Dover Baptist Church turns 200: A place from the heart


By Steve Doyle

The pews were overflowing, the voices were overwhelming and the spirit was overpowering on Sunday when perhaps 150 gathered in the little white church to celebrate 200 years of Dover Baptist Church.


Dover has served the rolling and winding roads outside Chestnut Grove in northwest Shelby County since farmers gathered periodically starting in 1812 to hear an itinerant minister share the good book.
Families who rooted themselves in that farmland about seven miles from Shelbyville have remained, for generations, part of the church, and several of those descendants – from families, such as the Rutledges, the Parkers, the Caseys, the Pulliams, the Collingses, the Chappells and the Wilborns – were represented at Sunday’s festivities.

Many arrived at 10 a.m. for a special musical program by Georgians Stacy and Lee Culpepper, friends of pastor Matt Smith, and even more were there to hear former pastor Doug Mulkey’s message on faithfulness and to join in the singing of traditional old Baptist hymns, such as “Old Rugged Cross,” “When The Roll Is Called Up Yonder” and “How Great Thou Art.”

So filled were the pews that folding chair were added to line the aisle in the sanctuary, and many an old-fashioned fan was used to help the air conditioners and ceiling fans try to cool the jammed-in families.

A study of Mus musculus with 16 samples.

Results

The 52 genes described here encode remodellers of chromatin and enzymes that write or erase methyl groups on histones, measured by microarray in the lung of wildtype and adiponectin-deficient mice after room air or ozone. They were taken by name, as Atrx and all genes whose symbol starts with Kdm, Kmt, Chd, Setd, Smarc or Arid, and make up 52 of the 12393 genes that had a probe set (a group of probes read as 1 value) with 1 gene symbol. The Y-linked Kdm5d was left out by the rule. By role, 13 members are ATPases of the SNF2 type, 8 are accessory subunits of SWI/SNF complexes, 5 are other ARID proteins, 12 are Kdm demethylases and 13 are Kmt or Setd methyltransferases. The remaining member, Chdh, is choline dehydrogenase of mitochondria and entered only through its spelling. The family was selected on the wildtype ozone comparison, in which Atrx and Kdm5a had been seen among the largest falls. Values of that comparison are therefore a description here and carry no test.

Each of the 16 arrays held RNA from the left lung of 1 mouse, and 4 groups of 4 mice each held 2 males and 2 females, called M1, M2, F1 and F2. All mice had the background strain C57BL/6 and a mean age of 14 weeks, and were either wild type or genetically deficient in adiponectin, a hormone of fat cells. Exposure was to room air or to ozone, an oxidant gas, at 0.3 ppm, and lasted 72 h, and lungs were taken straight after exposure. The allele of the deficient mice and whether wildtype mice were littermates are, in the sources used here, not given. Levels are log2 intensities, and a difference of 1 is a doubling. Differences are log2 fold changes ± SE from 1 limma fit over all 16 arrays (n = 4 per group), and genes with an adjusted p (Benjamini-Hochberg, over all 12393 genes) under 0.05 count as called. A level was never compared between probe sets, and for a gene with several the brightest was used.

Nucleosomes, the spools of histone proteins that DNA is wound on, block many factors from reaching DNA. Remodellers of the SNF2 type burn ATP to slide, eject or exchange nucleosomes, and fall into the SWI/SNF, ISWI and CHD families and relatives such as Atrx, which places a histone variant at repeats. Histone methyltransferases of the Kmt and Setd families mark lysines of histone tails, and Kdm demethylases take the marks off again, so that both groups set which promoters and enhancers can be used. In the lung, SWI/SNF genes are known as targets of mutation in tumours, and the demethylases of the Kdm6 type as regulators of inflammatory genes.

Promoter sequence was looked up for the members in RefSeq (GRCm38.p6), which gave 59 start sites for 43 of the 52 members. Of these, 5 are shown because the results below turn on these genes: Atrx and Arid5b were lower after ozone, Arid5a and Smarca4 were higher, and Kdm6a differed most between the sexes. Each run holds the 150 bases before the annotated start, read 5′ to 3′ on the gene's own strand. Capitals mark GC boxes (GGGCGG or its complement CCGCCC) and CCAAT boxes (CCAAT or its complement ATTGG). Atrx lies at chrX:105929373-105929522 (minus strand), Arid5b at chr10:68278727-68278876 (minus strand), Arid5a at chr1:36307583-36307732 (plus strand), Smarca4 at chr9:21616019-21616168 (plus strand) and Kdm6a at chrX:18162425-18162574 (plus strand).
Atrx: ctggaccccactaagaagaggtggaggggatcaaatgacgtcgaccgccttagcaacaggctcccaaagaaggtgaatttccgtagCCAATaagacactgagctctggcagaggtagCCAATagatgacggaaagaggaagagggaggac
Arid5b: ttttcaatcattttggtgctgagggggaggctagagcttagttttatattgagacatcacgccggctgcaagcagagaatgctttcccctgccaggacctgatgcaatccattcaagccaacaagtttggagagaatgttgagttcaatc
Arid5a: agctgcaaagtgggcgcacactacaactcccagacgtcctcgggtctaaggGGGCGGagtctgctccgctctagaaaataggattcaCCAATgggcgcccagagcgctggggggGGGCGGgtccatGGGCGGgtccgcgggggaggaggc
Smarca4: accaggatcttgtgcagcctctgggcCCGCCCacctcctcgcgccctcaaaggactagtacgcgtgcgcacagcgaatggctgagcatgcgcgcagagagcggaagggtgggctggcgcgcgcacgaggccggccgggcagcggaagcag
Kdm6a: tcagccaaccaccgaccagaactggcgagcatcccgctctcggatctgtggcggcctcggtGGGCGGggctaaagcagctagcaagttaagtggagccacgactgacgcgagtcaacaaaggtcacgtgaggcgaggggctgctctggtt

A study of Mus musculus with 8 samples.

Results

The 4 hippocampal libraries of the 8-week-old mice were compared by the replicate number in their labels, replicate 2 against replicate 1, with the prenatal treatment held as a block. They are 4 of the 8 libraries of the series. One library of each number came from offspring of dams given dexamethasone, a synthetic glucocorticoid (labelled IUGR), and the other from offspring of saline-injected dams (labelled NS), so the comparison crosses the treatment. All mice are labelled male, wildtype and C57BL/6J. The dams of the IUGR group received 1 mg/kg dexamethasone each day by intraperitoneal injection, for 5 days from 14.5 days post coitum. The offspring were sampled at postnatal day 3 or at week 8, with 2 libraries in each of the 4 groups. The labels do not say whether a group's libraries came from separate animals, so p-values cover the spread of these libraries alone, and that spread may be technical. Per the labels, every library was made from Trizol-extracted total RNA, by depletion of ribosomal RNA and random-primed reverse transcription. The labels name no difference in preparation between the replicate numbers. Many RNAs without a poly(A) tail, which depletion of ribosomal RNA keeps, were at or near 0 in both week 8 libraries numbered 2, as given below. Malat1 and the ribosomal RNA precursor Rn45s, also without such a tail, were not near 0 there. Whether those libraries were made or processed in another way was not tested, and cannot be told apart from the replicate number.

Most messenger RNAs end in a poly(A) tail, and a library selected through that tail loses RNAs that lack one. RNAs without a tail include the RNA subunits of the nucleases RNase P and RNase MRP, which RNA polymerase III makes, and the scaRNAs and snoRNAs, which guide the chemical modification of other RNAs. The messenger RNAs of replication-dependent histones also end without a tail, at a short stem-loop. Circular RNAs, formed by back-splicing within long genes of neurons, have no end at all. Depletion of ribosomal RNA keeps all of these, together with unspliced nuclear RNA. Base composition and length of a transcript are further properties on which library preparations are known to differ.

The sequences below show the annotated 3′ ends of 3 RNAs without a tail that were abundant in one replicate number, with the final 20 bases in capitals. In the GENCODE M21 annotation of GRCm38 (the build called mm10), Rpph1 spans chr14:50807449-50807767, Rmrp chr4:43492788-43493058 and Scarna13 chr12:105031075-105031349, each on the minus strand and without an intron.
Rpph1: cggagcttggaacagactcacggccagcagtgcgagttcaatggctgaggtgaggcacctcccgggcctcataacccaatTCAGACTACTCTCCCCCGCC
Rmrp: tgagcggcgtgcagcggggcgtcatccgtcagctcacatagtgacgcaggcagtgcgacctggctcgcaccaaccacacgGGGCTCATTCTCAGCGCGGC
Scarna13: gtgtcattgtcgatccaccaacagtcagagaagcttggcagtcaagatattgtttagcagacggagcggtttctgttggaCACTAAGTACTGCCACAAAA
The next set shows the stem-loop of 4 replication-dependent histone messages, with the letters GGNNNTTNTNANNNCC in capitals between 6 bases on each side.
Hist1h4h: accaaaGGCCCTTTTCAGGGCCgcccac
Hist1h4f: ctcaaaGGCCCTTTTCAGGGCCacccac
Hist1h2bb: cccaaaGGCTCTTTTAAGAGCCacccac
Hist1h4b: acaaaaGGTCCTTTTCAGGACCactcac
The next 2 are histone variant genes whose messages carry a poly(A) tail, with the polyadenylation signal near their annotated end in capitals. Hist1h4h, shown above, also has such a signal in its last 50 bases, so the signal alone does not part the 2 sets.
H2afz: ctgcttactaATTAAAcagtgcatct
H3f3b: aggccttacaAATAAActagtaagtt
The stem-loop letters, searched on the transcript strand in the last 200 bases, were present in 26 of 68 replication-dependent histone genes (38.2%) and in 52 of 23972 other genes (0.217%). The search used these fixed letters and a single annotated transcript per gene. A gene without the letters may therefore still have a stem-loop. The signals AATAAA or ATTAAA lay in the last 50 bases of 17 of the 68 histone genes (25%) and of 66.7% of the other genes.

Former member Brenda Black played organ, and Darlene Wilborn Russman was on the piano, an instrument her parents, Gilbert and Margaret, had played for thousands of congregations.

Doris Riddle returned to that role in the afternoon, and she spoke lovingly of growing up in the church.
The crowd seemed to grow for the sumptuous lunch buffet, and new faces joined an afternoon celebration to hear more special music from the Culpeppers and Jessie Poe, who grew up right next door.
Former pastors Mulkey and Lee Bean and numerous longtime and former members told stories about the church’s lore – everything from mice in the sanctuary to snakes in the furnace room to “beer mugs” at Bible school – and the tears and laughter often were commingled in the voices and eyes of everyone.
Perhaps Mulkey, now a resident of Georgia, said it best: “This church made an investment in me, and I never will forget this church. It holds a very special place in my heart.”